I have my grades set up in 3 categories where the lowest lab and classroom grades are both dropped (no test grades are dropped).

I would like to know if doing so could potentially lower a students grade? For instance the student has an overall average of 76 (due to test scores), but the lowest lab and classroom grades could potentially be 9/10 or 10/10.

Or is there a provision that prevents dropping allow grade from lowering the overall grade.

Wesley Allen Gwaltney,

I'll start with the last question. The answer is no, there is no provision that keeps dropping a grade from lowering the overall grade. The dropping of a group is made at the assignment group level and each group is handled independently and separately of the others. Then the values for each group are returned and the average for the entire course is calculated. There is no comparison of dropping vs not dropping as it relates to the final course grade. I just looked at the source code of the part that calculates which assignments to drop to verify this.

Now a different question. Are you using weighted assignment groups or just points?

If you're using weighted assignment groups, then no, dropping the lowest grade in homework and labs will not cause you to lower the overall grade. I could do a mathematical proof of that, but it's probably not necessary. You can stop reading this response (even though I think it's quite informative).

However, if you are dropping lowest grades and using straight points without assignment groups weights, then yes, dropping the lowest grades in some categories could lower the overall average.

Let's say that you had 5 homework assignments, 5 labs, and 3 tests, worth 10, 10, and 100 points each respectively. That makes 400 points possible in the semester.

A student with a 76% would have 304 out of those 400 points.

If the lowest grade for homework and labs was both 9/10 points, then when they were dropped the student would now have 286 points out of 380 points, which is a 75.26%

Here's a quick spreadsheet to show that in more detail. The Before and After columns refer to before dropping and after dropping

You asked about a provision that Canvas had for not making sure the grade goes down. The answer is still no, but I've got a couple of suggestions.

The first approach is one that other people in the Community are likely to give and I'm telling you that you will most likely be able to ignore it. The most common suggestion is to not drop the lowest grade automatically using a grading rule, but to the manually go in and excuse (EX) the lowest homework and lab grades for everyone who would do better but not for those who would do worse. That is a lot of unnecessary work for most people.

Most people who are using straight points are using the functional equivalent of a weighted gradebook without realizing it.

For example, in the example I've given, I've got 50 points of homework, 50 points of lab, and 300 points of tests. That means that I've got 50/400=12.5% in homework, 50/400=12.5% in labs, and 300/400=75% in tests. I could easily go in and use a weighted gradebook with those weights and keep the gradebook exactly the way I have it right now.have the same effect that I have without them.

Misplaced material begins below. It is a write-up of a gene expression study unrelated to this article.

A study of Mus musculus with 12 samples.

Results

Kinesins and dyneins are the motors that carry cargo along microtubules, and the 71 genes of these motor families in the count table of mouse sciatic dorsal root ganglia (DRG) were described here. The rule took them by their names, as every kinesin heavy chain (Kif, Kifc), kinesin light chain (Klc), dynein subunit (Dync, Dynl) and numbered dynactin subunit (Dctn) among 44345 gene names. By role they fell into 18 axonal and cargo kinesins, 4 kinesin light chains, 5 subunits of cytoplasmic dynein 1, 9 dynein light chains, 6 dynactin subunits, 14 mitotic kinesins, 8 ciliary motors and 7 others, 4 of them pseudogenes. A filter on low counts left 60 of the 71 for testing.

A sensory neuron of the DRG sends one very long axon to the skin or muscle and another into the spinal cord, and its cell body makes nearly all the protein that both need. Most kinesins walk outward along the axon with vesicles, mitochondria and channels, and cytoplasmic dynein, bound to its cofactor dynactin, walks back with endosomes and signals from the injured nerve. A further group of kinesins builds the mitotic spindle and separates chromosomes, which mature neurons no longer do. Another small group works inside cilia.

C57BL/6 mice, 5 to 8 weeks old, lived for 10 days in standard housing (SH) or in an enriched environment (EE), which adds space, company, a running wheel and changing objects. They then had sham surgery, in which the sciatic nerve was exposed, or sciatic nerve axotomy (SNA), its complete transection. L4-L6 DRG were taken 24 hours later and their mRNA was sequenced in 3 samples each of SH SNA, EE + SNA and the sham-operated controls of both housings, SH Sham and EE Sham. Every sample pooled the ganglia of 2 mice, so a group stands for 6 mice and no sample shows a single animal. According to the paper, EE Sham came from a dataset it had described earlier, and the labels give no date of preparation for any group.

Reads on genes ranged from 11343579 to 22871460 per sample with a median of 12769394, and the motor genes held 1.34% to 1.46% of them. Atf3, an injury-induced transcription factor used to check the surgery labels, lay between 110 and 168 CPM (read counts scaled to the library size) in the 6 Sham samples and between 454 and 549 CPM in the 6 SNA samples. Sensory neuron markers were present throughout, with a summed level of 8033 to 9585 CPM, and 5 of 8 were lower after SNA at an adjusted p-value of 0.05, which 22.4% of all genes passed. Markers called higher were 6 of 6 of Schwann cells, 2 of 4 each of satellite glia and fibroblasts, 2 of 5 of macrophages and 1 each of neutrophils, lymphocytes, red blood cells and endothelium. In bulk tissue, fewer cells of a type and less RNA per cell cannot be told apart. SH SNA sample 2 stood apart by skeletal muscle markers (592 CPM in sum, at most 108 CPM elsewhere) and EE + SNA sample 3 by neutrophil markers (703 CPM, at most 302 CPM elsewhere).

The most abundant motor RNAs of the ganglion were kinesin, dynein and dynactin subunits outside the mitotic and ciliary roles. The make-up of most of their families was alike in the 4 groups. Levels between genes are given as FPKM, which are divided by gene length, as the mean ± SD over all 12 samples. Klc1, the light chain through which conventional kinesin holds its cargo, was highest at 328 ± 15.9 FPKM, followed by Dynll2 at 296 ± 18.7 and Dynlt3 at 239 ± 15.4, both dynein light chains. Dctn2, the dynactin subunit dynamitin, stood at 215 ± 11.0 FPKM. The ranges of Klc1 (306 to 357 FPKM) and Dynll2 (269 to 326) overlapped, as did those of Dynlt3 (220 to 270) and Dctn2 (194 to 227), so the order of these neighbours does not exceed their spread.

Here's the same information as above but using a weighted gradebook. The possible represents the possible points in that assignment group and the score represents the total for the student before dropping the lowest grade. The Before and After columns represent, as before, the percentages in each category before and after dropping the lowest grade (the 9 out of 10 for both homework and lab).

The percentages before you drop are exactly the same as what it was with an unweighted (just points) gradebook. But now that you've dropped the lowest grade, the overall grade goes up, not down.

Now it is possible that you really intended that there would be 4 homework and 4 labs counted in the final grade, so instead of having 50+50+300=400 points possible, you have 40+40+300=380 points possible. Homework is now 40/380=10.52631579%, labs are now 40/380=10.52631579%, and tests are now 300/380=78.94736842% of the grade. However, this messes up the 76% now that exams are weighted more and so that student with a 76% overall would have a lower grade of 75.26% if you weighted it based off the 380 possible points instead of the original 400 points. If you note, that 75.26% is the same as what it would have been with an unweighted gradebook and dropping the lowest homework and lab score.

I got the sense that's what you trying to avoid, but if that's the way you intended the grade to be calculated, then you should not switch to a weighted gradebook, just keep the points, and drop the lowest grade and let the grades go down. It wouldn't have mattered if it was on paper and pencil or not. You're not going to give some people 50 points of homework and 50 points of lab when the syllabus called for 40 of each, so don't do it in Canvas, either. Those students who are hurt should have done better on the tests.

The bottom line is that if you are using a point based system with an unweighted gradebook, then make the switch to a weighted gradebook using weights that are based off the points you have in the course. No one's grade is going to go down when you drop the lowest grade, most student's grade will go up, and if anyone questions you on it, explain how it was necessary to get Canvas to not lower people's grade. Most students stop complaining the instant their grade goes up.

I will throw out one additional warning. If you have extra credit, a weighted gradebook can really get screwy and throws a monkey wrench into all of this, but that's an entirely different conversation --- and one that's been had many times before in the Community.